At Halifax. This was a great day last year, for it was the day on which the Loos affair took place. We were here, and I remember the news being sent by special wireless from England, and how it was received with cheers.
It is a great day this year in a way, for today a letter (dated 11th) arrived from Mother informing me of Marion’s wedding. Now this is rather a peculiar coincidence for when I wrote to Jude on Saturday I spoke about Joe’s “expect to come next week” stunt and wondered if he had got fed up with it. At the last I wrote “I am wondering after writing so pessimistically whether ere this reaches you the airmen at Joe’s place have stopped smashing up machines, allowed him to get home, and get the business over”. No when I wrote this I was prompted to by some “feeling” which told me that there had been something doing – at last, so I put it in as a precautionary measure in case my pessimism proved wrong.
I am glad to hear the wedding went off successfully and that at last they have been made happy – if so my prayers will have been answered. Mother has tried to write cheerfully, but I can understand how she feels Jude’s departure. I have been dreading that part of the business, and it is worse now that Dad is not able to get home so often. I only hope you and Ethel will see to it that Ma is not allowed to notice Jude’s absence too much. I wish I had been handy to her during the bad times following Jude’s departure.
I am sorry that I missed the ceremony, for I did so much want to be present to see my dear sister embark on her new career. I am glad Bert Edwards came into the breach, and it is good of him to do so much for his old chum. I can only hope they will have the happiest of married careers, and may we all meet again soon.
Mother puts in a good word for you and your great assistance to her. I expect you will be greater friends than ever (if that is possible) now that Jude has gone, foe Mother will require your company so much.
Mother informs me that I have won a book prize for “Bullets”. I sent in four whilst at home. This is the first time I have won anything, and both Ma and I have tried hard and often, so this little success is rather encouraging.
Another big liner-transport came in today so now there are three here. It seems true enough about our escorting these vessels across the Atlantic but I don’t think we shall see Plymouth. I also have reason to believe that after we have finished with them our return will not be to Halifax, but more likely Bermuda.
10-30 p.m. Leave was given so I thought I would take advantage of this, the last chance for a while. I also wanted to see a picture featuring Charlie. Went ashore at 4-30 p.m. with one of the S. B. A’s. We first went for a walk in the country and then into the town, arriving there at 6-30 p.m. Changed some money in the Khaki Club and then went to the “Imperial”. The place was packed and I can understand it in view of the two good picture shown viz:- Charlie as “Floorman” (Shopwalker) – one of his latest Mutual Chaplin Pictures – and “Should a woman Forgive”, a drama featuring that splendid actress Miss Lorraine. These two pictures took about an hour and a quarter, both being very long. Charlie was great.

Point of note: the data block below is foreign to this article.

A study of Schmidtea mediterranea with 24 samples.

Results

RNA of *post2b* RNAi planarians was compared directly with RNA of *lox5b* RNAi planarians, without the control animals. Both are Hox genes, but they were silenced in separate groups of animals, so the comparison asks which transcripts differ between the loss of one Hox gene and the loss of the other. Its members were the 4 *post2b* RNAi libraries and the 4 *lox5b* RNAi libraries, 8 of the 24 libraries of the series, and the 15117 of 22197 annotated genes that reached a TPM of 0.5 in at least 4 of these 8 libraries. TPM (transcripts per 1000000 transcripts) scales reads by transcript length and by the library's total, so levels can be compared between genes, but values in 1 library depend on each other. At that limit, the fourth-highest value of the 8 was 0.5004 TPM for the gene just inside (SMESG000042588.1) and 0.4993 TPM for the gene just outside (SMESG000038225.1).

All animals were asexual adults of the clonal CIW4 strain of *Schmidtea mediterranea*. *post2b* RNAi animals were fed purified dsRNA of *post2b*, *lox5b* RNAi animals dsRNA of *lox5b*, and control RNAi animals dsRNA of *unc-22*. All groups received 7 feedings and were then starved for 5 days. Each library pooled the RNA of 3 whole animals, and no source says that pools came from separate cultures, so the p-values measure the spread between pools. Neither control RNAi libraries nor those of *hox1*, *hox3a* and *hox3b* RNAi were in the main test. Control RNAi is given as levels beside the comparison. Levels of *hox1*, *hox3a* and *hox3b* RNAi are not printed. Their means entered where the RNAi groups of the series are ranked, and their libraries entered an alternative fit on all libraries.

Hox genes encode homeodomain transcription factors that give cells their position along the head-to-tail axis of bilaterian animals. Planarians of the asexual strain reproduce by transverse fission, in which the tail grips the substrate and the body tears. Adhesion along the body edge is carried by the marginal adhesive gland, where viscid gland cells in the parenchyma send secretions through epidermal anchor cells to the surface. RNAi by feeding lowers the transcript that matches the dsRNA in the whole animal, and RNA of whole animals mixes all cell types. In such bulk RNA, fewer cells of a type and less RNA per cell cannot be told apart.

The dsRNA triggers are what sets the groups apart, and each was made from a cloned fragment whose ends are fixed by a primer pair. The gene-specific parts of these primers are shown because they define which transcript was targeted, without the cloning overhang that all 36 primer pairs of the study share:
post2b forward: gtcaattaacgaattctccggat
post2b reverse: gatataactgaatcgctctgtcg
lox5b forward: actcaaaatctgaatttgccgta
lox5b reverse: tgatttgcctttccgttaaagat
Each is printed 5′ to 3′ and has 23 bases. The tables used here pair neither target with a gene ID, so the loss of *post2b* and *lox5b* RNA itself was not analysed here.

Came out from the “show” at 8-45 p.m. then went down to the Club again and had a look at the English papers in the Reading Room. I first thought of writing to Jude congratulating her but realising that we should probably arrive in England before the mail I elected to wait until we reach there. Left the Club at 9-15 p.m. and returned aboard.
The air is very keen tonight and one could do with a coat, yet the shops are just getting the Fall clothing in the windows, and the ladies are still clad in light clothing. I can realise how used to the cold they must be since I am told the temperature drops to 20 or more degrees below zero here in wintertime.
On arrival aboard I had a pleasant surprise for a letter from you awaited me (dated 10th). It is peculiar, in fact funny, for you letter written before Mother’s yet arriving later informs me of Joe’s arrival and the coming marriage, whereas I am already informed by Ma that it has taken place. This lets you know how we get our mails – any old how but just as acceptable I’m sure.
You inform me of a visit you paid in company with Jude to a fortune-teller. One particular point in your version of what you were told tickles me, and that is how she may have hit the mark in saying you would soon meet the young man you had recently been in company with. This may be true, if so I shall not be altogether sorry that we had to do this journey. A most happy and long letter and how thankful I am for such a good inspiration.
Two transports are in alongside the jetty and judging by the cheers and band playing, the men embarking are anything but downhearted. Our lads are splendid fellows this way, and under the circumstances – they must remember the possibility of not seeing Canada again – unbeatable.
Well now I’m going to bed (11 p.m.) the cheering is still going strong. This has been a great day, thanks to the news from you and Ma.